The Dairy Farmers of Washington organization is announcing a $250,000 investment in clean water.
Sedro-Woolley-based, Janicki Bioenergy, a technology developed to treat sewage in Africa by has been championed by the Bill and Melinda Gates Foundation. On his blog, Bill Gates says the technology “re-invents the sewage treatment plant.” Stanwood dairy farmer, Jeremy Visser hopes that same type of technology, applied to dairy farming, will re-invent the way his farm cares for water.
Partnering with the Stillaguamish Tribe of Indians, Visser is hosting a demonstration project that will test the technology in a dairy farming environment. Called an Advanced Distillation and Nutrient Separation (ADNS) Processor for dairy wastewater, the new technology could move dairy operations from simply managing manure resources on available land to actually treating wastewater to produce clean reclaimable water. The processor will also produce pathogen-free liquid and solid fertilizer-like products that can be used more effectively or exported from the dairy.
“If this works, this changes the future of dairy farming,” said Visser. “I entered into this partnership with the Stillaguamish Tribe, Janicki, the Snohomish Conservation District, and Washington State University hoping that the end result would benefit agriculture as a whole. That is why I asked the Dairy Farmers of Washington to join me in providing matching funds for this project. Their $250,000 investment helps secure funding to make this whole project pencil out.”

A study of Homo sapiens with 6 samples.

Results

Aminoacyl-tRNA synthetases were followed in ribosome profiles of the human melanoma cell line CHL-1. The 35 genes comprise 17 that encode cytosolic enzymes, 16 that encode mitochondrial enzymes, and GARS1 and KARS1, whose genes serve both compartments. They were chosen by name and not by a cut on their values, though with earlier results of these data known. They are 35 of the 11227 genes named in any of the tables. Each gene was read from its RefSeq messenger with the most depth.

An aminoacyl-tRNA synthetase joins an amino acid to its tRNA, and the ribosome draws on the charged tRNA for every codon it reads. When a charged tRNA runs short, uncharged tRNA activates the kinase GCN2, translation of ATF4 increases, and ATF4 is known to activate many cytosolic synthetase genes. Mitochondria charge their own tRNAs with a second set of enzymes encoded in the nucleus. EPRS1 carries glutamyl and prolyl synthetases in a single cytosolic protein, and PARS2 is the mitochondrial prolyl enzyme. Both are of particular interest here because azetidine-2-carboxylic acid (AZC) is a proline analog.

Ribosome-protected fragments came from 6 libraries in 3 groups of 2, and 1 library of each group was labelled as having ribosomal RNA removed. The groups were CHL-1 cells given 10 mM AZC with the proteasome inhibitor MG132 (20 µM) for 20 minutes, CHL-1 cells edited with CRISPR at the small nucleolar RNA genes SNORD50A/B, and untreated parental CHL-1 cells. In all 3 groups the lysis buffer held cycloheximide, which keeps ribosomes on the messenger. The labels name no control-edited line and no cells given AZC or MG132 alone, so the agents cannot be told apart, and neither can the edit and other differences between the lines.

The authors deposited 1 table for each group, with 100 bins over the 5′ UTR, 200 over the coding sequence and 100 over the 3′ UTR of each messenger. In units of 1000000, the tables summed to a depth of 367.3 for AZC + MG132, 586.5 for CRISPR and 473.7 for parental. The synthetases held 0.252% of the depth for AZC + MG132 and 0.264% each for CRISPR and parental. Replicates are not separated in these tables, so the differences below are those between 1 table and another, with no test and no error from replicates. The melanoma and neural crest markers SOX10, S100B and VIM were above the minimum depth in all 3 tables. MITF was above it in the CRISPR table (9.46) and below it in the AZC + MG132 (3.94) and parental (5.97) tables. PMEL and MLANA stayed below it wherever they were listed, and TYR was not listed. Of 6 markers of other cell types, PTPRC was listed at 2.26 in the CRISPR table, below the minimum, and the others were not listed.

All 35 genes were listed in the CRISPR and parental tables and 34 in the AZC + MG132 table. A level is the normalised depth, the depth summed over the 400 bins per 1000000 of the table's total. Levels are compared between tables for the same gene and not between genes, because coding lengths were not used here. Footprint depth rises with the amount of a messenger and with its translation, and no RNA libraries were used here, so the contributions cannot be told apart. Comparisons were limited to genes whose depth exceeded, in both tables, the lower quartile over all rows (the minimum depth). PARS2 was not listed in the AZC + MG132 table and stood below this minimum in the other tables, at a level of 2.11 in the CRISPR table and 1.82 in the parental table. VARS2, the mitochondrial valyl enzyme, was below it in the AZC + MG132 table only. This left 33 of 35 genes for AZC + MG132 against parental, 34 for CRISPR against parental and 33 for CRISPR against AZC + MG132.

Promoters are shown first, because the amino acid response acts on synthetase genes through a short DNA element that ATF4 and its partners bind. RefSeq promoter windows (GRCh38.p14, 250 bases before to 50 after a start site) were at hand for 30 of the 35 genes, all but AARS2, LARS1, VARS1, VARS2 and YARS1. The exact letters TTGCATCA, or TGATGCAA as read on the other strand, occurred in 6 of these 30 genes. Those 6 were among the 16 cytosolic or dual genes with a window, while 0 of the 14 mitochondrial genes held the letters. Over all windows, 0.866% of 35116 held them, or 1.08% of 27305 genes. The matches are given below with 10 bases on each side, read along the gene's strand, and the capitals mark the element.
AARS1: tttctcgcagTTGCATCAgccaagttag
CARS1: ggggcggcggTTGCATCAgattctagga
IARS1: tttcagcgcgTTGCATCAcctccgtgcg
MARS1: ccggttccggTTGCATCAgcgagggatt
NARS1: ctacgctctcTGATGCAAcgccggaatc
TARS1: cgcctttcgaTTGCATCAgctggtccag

In addition to first-generation equipment and controls, the demonstration project would fund lots of lab tests, techno-economic analyses, outreach and education to the dairy industry and regulators.
Chairman Shawn Yanity of the Stillaguamish Tribe agrees. “The history and future of the Stillaguamish Tribe is bound to the Stillaguamish River and its tributaries. We are honored to join with dairy farmers on this project and look forward to seeing the results of our joint endeavor.”
The Stillaguamish Tribe, with partner support, has applied to the Dept. of Ecology, Floodplains by Design (FbD) 2017-2019 Grant Round and the Natural Resource Conservation Service, 2017 Conservation Innovation Grant Round to help fund this project.
For Scott Kinney, CEO of the Dairy Farmers of Washington, the decision to support the project was an easy one. “My board of directors reviewed the technical summary of this project and agreed this investment deserved our full support and commitment. We are glad to demonstrate that commitment through funding of up to $250,000 to be used as matching funds. More than anything, we are just proud to be a part of this.”